Common recycling mistakes can cause big problems

BOSTON — Some of us remember a time long ago when everything went out in the trash.

But for the past 30 years, recycling has been part of our daily routine. It helps cut down on overall trash, eases the burden on landfills, and encourages sustainability.

“If you’re making paper out of paper instead of paper out of trees, we can all agree it’s a smart call”, said Gretchen Carey, the Sustainability Director for Republic Services.

The company has several recycling transfer stations, including in Peabody. It’s where 300 tons of curbside recycling from twenty different towns is processed. It is where the recycling goes to be separated, stacked, and shipped to be reused.

Carey said they are looking for, “bottles, cans, cardboard and paper”.

Those items are easy, and in Massachusetts, the state is doing pretty well overall. A recent study shows the Bay State ranks as the third-best recycling state in the country, even if the overall total is just 55 percent.

While residents’ hearts are in the right place, it appears their heads are somewhere else as they are doing a lot of recycling wrong.

“Wish cycling is this phenomenon that we are all guilty of”, said Waneta Trabert. Trabert is the Sustainable Materials Director for the City of Newton and said wish cycling is leading to contamination of recycling. “It’s this notion that what I have in my hand, I want to be able to recycle as much as possible, so I am hopeful and wishing that it is recyclable and I’m going to put it in my bin with this thought they’ll sort it out, they’ll figure it out”.

The biggest source of the problem is the flimsy plastic wrap, used in packaging for things like water and sports drinks. Bubble wrap is also another major problem, according to Trabert. She also said the plastic envelopes, often used as shipping material by Amazon for example, should not be put into your recycling bin.

Those items are what are known as tanglers. Workers at the transfer station have to shut down operations in order to remove those items by hand, as they continually get tangled in the machinery. “I think it’s important to know there are actual people working in these facilities when you throw things in that don’t belong”, said Carey.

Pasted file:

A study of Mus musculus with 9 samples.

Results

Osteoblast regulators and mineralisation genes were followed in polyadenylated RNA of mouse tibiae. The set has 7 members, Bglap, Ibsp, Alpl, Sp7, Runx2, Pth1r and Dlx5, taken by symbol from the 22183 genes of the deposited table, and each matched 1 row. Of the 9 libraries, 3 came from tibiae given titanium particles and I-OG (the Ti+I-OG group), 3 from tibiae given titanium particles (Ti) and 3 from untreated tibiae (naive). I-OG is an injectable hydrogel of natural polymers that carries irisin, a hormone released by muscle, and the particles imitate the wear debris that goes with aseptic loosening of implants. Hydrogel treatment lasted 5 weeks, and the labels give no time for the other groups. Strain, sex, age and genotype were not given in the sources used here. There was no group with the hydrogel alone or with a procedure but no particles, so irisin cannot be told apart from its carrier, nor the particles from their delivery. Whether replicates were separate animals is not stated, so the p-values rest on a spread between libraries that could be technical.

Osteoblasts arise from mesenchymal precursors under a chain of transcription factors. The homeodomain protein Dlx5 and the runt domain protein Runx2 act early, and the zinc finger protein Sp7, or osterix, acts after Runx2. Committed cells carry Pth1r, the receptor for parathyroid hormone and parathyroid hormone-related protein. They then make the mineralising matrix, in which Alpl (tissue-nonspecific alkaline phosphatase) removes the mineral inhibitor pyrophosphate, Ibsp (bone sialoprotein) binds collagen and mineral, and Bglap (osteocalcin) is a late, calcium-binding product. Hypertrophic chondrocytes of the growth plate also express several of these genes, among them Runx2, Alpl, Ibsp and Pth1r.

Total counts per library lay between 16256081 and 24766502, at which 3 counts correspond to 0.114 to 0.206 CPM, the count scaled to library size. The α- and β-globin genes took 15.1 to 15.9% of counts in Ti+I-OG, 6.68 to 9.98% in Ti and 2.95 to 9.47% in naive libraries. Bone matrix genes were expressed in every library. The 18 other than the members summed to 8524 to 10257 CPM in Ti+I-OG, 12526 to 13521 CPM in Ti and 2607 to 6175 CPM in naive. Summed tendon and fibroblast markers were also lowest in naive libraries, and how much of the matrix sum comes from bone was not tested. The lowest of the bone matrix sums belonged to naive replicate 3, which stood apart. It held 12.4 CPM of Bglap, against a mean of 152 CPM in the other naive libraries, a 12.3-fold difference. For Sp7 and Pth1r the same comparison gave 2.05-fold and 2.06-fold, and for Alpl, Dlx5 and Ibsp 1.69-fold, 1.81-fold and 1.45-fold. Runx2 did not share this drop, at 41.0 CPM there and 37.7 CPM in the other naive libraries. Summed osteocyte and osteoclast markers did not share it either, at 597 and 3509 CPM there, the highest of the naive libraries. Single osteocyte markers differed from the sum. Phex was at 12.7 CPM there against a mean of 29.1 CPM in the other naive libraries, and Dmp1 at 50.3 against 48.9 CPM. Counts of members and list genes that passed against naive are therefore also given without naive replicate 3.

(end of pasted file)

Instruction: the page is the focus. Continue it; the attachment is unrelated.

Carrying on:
Trabert said the plastic wrap can be returned to most local supermarkets where there are collection bins for those materials.

There are solutions to become better at recycling. Officials want everyone to remember, just because something is recyclable doesn’t mean it goes into your curbside bin. Most towns in Massachusetts have a recycling website where if a resident is unsure of what goes into the bin, they can search to find out where the item goes, in the recycling bin, or in the trash. “Instead of recycling as much as possible and letting us sort it out, we actually want you to focus on things that you know are recyclable, things you know with 100 percent certainty”, said Trabert. “We came up with this phrase, when it doubt, throw it out. If you’re not 100 percent certain, throw it in the trash”, she said.

Recycling has evolved over the years. For example, Trabert points out that a greasy pizza box can now be recycled and put in your curbside bin. For years, the guidance was to throw it out in the trash.

The new effort to raise awareness is a plan to help divert trash out of landfills here in Massachusetts, It’s become a critical issue in the Commonwealth. The State Department of Environmental Protection said only six landfills are still in operation across the state. Many of those landfills will be reaching capacity as early as 2030.

This is a developing story. Check back for updates as more information becomes available.